Virtual Reality Games May Require A New Ratings System, Sony Boss Says
The traditional age and content ratings may not be sufficient for virtual reality games.
Virtual reality is promising to be more than just an evolution of the gaming medium- it promises to be an entirely new medium altogether, a new format, a new way to consume content, that will stand side by side with books, movies, music, TV, and yes, video games. As such, none of the old methodologies to assess content will work for virtual reality games, Sony Worldwide Studios’ Shuhei Yoshida, and an evangelist for the rise of VR, said recently- VR may require an entirely new ratings system altogether.
“[VR is] pretty much giving you an experience with other people that you’d otherwise not have,” he said in an interview with Digital Spy. “If you are lucky, you won’t have experienced getting a gun pointed at your head–it’s scary, right? But that can be created easily in VR. It is intense. In one of our demos, you get yourself stabbed, and it’s powerful.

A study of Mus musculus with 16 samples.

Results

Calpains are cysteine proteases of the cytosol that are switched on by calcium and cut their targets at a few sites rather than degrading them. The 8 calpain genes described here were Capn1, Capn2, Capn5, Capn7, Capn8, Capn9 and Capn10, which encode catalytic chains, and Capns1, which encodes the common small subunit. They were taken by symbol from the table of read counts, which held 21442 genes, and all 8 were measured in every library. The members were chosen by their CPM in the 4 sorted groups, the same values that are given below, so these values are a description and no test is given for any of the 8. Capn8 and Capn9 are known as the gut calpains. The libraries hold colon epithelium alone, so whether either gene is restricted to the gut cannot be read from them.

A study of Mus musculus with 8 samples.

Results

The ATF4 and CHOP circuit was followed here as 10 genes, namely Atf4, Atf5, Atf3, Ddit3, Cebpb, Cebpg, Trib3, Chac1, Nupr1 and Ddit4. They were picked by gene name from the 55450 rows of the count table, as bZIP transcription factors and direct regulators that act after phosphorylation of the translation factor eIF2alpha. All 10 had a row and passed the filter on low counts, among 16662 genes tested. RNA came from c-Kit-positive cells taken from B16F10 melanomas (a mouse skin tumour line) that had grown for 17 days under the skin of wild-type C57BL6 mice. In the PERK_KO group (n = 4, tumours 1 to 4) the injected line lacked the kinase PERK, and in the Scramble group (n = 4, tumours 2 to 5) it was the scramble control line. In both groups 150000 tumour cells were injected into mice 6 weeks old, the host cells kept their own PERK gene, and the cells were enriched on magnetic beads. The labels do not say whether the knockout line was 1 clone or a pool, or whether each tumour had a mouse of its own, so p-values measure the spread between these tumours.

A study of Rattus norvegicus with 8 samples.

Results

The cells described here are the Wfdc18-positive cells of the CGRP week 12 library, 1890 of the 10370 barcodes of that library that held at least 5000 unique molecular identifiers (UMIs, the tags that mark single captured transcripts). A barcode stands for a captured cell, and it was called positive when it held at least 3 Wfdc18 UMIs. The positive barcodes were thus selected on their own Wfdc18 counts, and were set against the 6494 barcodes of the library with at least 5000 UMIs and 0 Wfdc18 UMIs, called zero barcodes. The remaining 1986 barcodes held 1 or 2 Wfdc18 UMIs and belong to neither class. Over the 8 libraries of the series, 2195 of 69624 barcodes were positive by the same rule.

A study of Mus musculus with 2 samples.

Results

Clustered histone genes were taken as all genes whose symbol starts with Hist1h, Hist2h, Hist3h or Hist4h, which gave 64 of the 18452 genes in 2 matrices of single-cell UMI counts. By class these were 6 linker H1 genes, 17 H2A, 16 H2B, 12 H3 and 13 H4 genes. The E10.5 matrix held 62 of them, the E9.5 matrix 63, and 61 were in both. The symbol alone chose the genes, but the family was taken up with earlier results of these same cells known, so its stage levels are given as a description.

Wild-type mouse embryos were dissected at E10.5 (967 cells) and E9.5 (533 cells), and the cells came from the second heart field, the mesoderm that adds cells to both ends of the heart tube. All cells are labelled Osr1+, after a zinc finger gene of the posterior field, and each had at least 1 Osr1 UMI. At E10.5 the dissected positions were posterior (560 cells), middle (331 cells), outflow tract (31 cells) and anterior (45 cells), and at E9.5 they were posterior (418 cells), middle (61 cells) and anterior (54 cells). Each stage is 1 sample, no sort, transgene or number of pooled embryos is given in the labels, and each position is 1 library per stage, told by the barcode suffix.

“The power of the medium is so much so that, in the future, the industry will probably come up with slightly different ratings so that we can communicate to consumers what kind of contents are inside,” he added. “It’s early days but it’s important, because we don’t want to handcuff the creativity of developers. But it’s a challenge for the future, as the media is so powerful, something could potentially cause trauma to people when they try that, because they’ve played something really awful.”
That said, it does go both ways, too- if VR can be affecting, it doesn’t have to be affecting in a traumatizing way. Developers can create experiences that let people empathize with others in ways hitherto unknown- something that many of them are already doing, Yoshida noted.
“There are people around the world not as fortunate as us, but using virtual reality we can let people experience what it’s like to be abused, or live in poverty. We hope this will contribute to decision-makers making some good decisions,” he said.
When he was asked outright if he thought virtual reality would need its own unique ratings system, Yoshida said that it is, “something… that I hope we can work on.”
The PlayStation VR is due to launch some time in 2016.